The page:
Understanding Peripheral Angioplasty

Understanding Peripheral Angioplasty

Understanding peripheral balloon angioplasty

Atherosclerosis, or hardening of the arteries, affects millions of people. Atherosclerosis is the term used to describe a buildup of plaque (hard, fatty deposits) on the inside of your arteries. This build-up reduces the amount of blood that flows through the vessels to your legs and, therefore, also reduces the amount of oxygen to the lower extremities. Your physician may have talked to you about the possibility of balloon angioplasty and stenting to open the narrowed areas in your arteries.

Balloon angioplasty is a minimally invasive technique that can be used to open clogged arteries. To perform angioplasty, your doctor will make a small puncture in the artery in your groin and slip a small plastic tube called a sheath into your artery. Your physician will then place a balloon catheter through the sheath and, while watching with live X-ray images, maneuver the balloon to the area of blockage. The balloon is then inflated to fracture the plaque build-up that is blocking the artery, which creates a wider channel for blood flow through the artery. Sometimes a stent will also be placed in the artery.

A stent is an expandable wire mesh tube that is maneuvered into place on a balloon catheter. The stent expands as the balloon is inflated. After the stent is deployed, the balloon catheter is withdrawn leaving the stent in place. The purpose of the stent is to provide a smooth surface on the inside of the vessel, creating a better channel for blood flow.

How do I prepare for a peripheral angioplasty?

You will receive specific instructions from your physician, but generally you will be asked not to have anything to eat or drink for eight hours before your procedure. You may have some routine tests done before your angioplasty:

  • EKG
  • Blood tests
  • Chest X-ray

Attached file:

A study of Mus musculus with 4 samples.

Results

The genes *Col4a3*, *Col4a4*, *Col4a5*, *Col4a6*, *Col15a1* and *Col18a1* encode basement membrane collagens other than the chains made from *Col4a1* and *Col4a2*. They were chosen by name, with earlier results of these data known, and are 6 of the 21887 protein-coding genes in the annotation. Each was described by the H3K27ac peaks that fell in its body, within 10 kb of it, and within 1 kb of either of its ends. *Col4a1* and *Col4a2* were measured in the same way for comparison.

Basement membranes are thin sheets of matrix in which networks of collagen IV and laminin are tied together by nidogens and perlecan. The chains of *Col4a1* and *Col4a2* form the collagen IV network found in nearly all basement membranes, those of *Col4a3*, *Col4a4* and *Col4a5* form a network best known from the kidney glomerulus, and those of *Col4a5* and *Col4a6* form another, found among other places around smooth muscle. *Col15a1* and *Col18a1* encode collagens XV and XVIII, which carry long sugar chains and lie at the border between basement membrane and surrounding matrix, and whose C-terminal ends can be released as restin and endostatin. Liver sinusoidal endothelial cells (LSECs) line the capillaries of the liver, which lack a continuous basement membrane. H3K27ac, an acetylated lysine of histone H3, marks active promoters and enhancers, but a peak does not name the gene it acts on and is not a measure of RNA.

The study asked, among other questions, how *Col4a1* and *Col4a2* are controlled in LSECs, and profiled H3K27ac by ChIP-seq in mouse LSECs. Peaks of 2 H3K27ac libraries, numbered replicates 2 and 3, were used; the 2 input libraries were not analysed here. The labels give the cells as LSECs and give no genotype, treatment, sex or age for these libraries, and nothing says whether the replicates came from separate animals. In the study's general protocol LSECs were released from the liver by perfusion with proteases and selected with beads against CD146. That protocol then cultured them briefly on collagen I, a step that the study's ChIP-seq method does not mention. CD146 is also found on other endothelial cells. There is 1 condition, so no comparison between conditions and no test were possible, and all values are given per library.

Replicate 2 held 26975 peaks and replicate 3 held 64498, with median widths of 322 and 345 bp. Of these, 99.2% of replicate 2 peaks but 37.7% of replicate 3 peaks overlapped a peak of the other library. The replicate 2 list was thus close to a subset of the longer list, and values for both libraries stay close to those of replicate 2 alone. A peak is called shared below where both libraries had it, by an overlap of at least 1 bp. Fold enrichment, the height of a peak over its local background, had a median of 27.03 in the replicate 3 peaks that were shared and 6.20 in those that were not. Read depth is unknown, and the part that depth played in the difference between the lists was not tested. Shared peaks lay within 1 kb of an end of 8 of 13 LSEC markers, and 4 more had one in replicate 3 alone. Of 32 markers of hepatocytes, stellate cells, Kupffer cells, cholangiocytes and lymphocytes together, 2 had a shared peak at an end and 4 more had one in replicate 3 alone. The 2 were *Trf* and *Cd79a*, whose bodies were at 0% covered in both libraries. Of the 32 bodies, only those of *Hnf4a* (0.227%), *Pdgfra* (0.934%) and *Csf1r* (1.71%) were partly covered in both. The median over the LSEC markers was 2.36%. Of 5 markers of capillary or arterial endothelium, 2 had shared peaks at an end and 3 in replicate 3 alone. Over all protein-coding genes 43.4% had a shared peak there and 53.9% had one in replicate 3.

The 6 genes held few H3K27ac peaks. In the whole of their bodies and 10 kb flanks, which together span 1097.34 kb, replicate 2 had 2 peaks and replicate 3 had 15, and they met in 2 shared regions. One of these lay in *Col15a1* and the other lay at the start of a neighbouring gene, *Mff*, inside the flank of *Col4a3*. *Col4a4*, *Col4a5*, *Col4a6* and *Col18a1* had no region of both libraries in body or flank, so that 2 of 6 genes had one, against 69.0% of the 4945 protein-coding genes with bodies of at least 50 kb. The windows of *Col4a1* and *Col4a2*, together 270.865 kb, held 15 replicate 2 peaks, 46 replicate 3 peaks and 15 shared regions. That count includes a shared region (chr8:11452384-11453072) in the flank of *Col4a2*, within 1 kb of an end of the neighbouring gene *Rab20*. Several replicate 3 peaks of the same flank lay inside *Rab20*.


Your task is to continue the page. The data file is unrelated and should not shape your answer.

Your physician will be able to tell you how long you can expect to be in the hospital; some patients may stay for a day or two, while others may leave within a few hours.

Some suggestions to help you prepare:

  • If you will be staying in the hospital overnight, pack a small bag with a robe, slippers, and toiletries
  • Do not bring valuables or currency to the hospital
  • Bring a list of medications with names and dosages
  • Arrange for someone to drive you home
  • Alert someone if allergic to X-ray dyes or shellfish
  • You may wear your dentures, hearing aids, or glasses

What happens after my procedure?

Most patients will be asked to arrive at the hospital a couple of hours before the scheduled time of their procedure. Before your procedure, you will have an IV started. You will be transported to a procedure room on a rolling bed and your nurse will tell your loved ones where they may wait. You may be given sedation through your IV. Most patients will have local anesthetic administered to numb the area in the groin where the sheath will be inserted. Others may have epidural anesthesia. Your vascular specialist will be able to tell you what kind of anesthesia will be right for you.

What can I do when I return home?

Avoid heavy lifting and do only light activities for a few days.

Call your doctor if:

  • The insertion site bleeds
  • Your leg feels cold or numb
  • You notice worsening of the bruising around the insertion site
  • You have a fever, or signs of infection such as redness, swelling, or drainage at the insertion site

How will I feel after my procedure?

Many people enjoy relief from the discomfort felt in their legs. Some people may still experience some discomfort when they walk, but the distance they are able to walk usually increases after a balloon angioplasty.

What happens after surgery?

After you're discharged, you will have regular visits with your surgeon and cardiologist.

Eating nutritious meals is very important to your healing. Limiting how much salt you eat is often advised after heart valve surgery. If you smoke, you are strongly urged to give up tobacco products. Following a gradual exercise program may also help you have a quicker recovery.

You will discuss with your surgeon when you can resume driving, return to work, and with what limitations. Your doctor will also discuss your
medications. Even over-the-counter medications will need your doctor's approval.

Your successful recovery depends on how well you follow medical advice, exercise, and follow healthy living suggestions.


It is important to be your own best health advocate. A good way to do that is by committing to routine physical exams and diagnostic tests as often as is recommended by your doctor. Early detection of circulatory problems is important for effective treatment.